6 Ways to Deal with Cravings During Whole30
For 30 days this month we’re exploring Whole30, the 30-day reset and refocus on whole foods. Whole30 isn’t a diet or a judgment of foods as “good and bad.” It’s actually a short-term reset that has helped many of our readers cook more and figure out the foods that make them feel their best. Read more about our coverage here.
Anytime someone asks me about my Whole30 experience, they always want to know, Was it worth it? Without hesitation I immediately respond, Yes. A month of eating whole, unprocessed foods was life-changing. I firmly believe that doing Whole30 completely transformed my way of eating. I am a much happier, smarter eater after this challenge and I recommend that everyone try it! And that’s not me being dramatic.
On the other hand, I was plenty dramatic during the actual experience. Wait, no sugar? No treats immediately after dinner? But what about my sweet tooth? Why is it aching for dessert that I “need” so badly? What’s going to happen to me?
It wasn’t just sugar cravings either: At times, I found my body craving foods like never before. Sometimes, I craved foods simply out of habit; other times I craved foods I didn’t even usually eat!
The ups and downs caused by the physical changes happening within the first few days caused some serious hanger. I often felt like I was riding an emotional roller coaster. Here’s how I learned to deal.
1. Take note of what you’re craving.
Is it something salty? Sweet? Write it down. The best thing I did during Whole30 (besides meal prep like a champ!) was write down everything I ate — everything. While this may seem tedious at first, it’s great to look back on your journal and connect the dots between what you’ve eaten and how you felt. It’s also a great way to review your progress and give yourself a pat on the back.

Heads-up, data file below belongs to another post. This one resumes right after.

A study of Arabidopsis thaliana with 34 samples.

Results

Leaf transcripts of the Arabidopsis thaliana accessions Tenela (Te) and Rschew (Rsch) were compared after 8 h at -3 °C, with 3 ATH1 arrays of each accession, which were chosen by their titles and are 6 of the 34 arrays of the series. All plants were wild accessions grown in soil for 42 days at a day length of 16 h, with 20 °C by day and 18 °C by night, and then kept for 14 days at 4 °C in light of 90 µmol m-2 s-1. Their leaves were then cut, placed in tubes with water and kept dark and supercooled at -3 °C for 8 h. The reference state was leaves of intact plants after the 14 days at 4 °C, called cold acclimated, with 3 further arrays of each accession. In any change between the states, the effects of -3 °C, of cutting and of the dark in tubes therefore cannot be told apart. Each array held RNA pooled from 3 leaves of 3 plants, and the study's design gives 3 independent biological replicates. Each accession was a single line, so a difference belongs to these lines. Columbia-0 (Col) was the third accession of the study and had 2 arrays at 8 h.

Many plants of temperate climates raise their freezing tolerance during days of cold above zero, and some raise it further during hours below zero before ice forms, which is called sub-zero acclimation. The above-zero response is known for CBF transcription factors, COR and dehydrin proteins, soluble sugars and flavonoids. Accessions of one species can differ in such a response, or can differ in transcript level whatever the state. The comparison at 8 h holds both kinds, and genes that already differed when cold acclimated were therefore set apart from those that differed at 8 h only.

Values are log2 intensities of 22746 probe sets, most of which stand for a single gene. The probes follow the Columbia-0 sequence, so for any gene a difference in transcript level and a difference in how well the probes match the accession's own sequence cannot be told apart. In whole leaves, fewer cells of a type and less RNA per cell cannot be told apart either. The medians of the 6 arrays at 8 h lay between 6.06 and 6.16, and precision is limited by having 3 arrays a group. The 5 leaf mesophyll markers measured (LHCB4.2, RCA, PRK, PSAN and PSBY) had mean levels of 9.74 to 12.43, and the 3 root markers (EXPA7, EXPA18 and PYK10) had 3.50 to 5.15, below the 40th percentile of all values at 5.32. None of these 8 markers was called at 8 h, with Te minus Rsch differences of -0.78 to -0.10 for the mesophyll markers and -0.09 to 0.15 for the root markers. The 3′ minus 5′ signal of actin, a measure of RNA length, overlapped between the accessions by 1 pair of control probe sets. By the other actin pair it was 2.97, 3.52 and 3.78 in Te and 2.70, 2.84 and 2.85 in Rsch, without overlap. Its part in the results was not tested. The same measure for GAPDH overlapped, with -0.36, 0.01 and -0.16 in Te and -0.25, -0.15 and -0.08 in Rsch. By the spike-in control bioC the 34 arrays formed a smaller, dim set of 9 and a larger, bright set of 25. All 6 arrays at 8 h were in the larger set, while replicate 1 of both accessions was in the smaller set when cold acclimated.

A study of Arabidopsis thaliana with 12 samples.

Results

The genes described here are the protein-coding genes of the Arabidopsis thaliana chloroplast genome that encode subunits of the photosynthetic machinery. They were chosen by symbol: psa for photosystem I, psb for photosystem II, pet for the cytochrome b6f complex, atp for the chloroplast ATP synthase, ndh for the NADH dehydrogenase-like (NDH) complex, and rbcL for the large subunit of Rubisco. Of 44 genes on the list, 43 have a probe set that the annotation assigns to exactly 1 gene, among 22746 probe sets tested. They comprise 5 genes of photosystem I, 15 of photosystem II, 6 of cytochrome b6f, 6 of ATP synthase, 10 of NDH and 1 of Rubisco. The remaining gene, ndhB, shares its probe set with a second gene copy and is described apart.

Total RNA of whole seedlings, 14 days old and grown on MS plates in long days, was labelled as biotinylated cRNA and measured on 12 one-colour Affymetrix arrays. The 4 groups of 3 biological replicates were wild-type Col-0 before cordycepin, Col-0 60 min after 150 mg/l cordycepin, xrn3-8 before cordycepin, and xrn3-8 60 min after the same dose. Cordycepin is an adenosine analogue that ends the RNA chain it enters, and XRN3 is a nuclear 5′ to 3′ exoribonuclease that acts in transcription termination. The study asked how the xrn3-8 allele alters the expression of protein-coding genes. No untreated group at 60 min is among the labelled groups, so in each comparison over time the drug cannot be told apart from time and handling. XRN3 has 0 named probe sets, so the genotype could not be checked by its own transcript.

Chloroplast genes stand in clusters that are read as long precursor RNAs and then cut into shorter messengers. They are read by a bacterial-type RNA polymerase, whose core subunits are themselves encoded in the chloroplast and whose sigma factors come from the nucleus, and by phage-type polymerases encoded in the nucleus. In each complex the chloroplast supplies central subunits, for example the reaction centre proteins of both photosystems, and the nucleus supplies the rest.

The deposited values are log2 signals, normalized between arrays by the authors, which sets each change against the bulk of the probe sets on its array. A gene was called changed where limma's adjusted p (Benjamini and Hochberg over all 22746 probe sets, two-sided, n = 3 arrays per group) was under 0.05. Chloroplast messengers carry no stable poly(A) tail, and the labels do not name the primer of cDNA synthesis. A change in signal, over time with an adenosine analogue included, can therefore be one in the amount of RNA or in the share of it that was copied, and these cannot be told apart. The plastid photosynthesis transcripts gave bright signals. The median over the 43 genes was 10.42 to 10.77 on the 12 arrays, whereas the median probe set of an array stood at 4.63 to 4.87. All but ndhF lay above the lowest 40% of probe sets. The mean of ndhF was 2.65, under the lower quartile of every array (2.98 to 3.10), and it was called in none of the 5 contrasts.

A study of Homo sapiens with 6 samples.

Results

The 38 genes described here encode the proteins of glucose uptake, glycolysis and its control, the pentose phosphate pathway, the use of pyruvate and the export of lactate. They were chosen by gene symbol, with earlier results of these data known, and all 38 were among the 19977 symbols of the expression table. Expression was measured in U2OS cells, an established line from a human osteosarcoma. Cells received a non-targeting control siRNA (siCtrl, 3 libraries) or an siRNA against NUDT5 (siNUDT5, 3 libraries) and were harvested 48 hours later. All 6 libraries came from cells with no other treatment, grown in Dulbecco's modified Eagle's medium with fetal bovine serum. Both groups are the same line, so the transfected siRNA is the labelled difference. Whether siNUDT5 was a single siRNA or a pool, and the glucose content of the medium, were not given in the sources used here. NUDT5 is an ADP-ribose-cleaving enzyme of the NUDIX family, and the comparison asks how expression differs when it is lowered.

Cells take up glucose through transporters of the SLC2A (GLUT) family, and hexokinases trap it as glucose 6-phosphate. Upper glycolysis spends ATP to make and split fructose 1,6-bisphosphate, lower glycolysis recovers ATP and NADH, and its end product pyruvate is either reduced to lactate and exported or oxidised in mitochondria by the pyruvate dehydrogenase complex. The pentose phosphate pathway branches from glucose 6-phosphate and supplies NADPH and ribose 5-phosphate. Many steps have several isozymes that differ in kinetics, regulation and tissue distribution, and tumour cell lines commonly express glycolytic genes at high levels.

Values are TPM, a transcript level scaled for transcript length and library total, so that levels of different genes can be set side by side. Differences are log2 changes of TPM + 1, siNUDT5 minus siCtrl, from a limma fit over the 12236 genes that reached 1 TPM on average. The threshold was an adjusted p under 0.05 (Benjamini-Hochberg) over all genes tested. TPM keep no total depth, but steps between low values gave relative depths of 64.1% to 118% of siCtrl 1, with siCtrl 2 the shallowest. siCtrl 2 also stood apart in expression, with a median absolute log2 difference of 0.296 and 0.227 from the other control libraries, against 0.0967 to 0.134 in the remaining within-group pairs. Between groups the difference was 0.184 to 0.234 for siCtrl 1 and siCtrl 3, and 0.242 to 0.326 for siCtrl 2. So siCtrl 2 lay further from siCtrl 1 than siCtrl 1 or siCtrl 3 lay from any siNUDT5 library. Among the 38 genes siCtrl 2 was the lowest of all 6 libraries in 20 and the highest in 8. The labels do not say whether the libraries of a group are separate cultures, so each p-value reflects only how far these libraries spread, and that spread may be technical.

2. Record when your cravings happen.
Recognize if you crave candy immediately after a meal (a thing for many people), if it comes after several hours of not eating, or whether it’s a certain time of day. After you’ve figured out when your cravings typically hit, make a plan on how to beat them. Realize it’s that 3 p.m. slump? Keep a container of almonds in your desk drawer. Got a hankering for chocolate right after dinner? Go for a brisk walk outside … which brings us to my next point.
3. Get some exercise.
While your body is adjusting to the changes, a session at the gym may seem exhausting. Getting there is half the battle, and once you’ve completed a class or even 30 minutes on the treadmill, you’ll be so glad you did. Exercise is a mental refresh, a way to remind yourself why you decided to do Whole30 in the first place.
4. Keep healthy snacks on hand.
Friends teased me for always having multiple Larabars floating around in my purse. Preparing for situations where I may otherwise make an unhealthy choice is key to staying on track. Aside from Whole30-compliant bars, I also packed homemade trail mixes and fresh fruit with me at all times.
5. Drink a tall glass of water.
Thirst is often confused with hunger. You hear your body saying, “Hi! I need something from you!” And that something is usually water. When you feel an unhealthy craving come on, drink some water and reevaluate how you feel after.
6. Ask others to provide support.
All of my friends, family, and blog readers knew I was doing the Whole30 challenge. This means I had plenty of cheerleaders along the way. If a craving hit, or if I was questioning why-oh-why I had decided to torture myself for 30 days (I kid!), I’d text a friend. I got some pretty great responses (“You’ve got this!” and “Don’t quit now, you’re almost there!”) that helped me stay on track.
Bottom line? Yes, you’ll have cravings. No, you won’t go crazy. Some days will be a breeze, and others you’ll feel like the challenge will never end. But it will. You’ve got this!
Read more about how Christina survived each day on her blog: Hungry Meets Healthy
30 Days of Whole30: We’re kicking 2017 off with 30 days of Whole30. Why Whole30? It’s not a permanent diet; it’s not a prescription for eating. It’s just 30 days of eating whole foods and exploring a more purposeful, mindful approach to food. Read more here on what Whole30 is and how to follow along.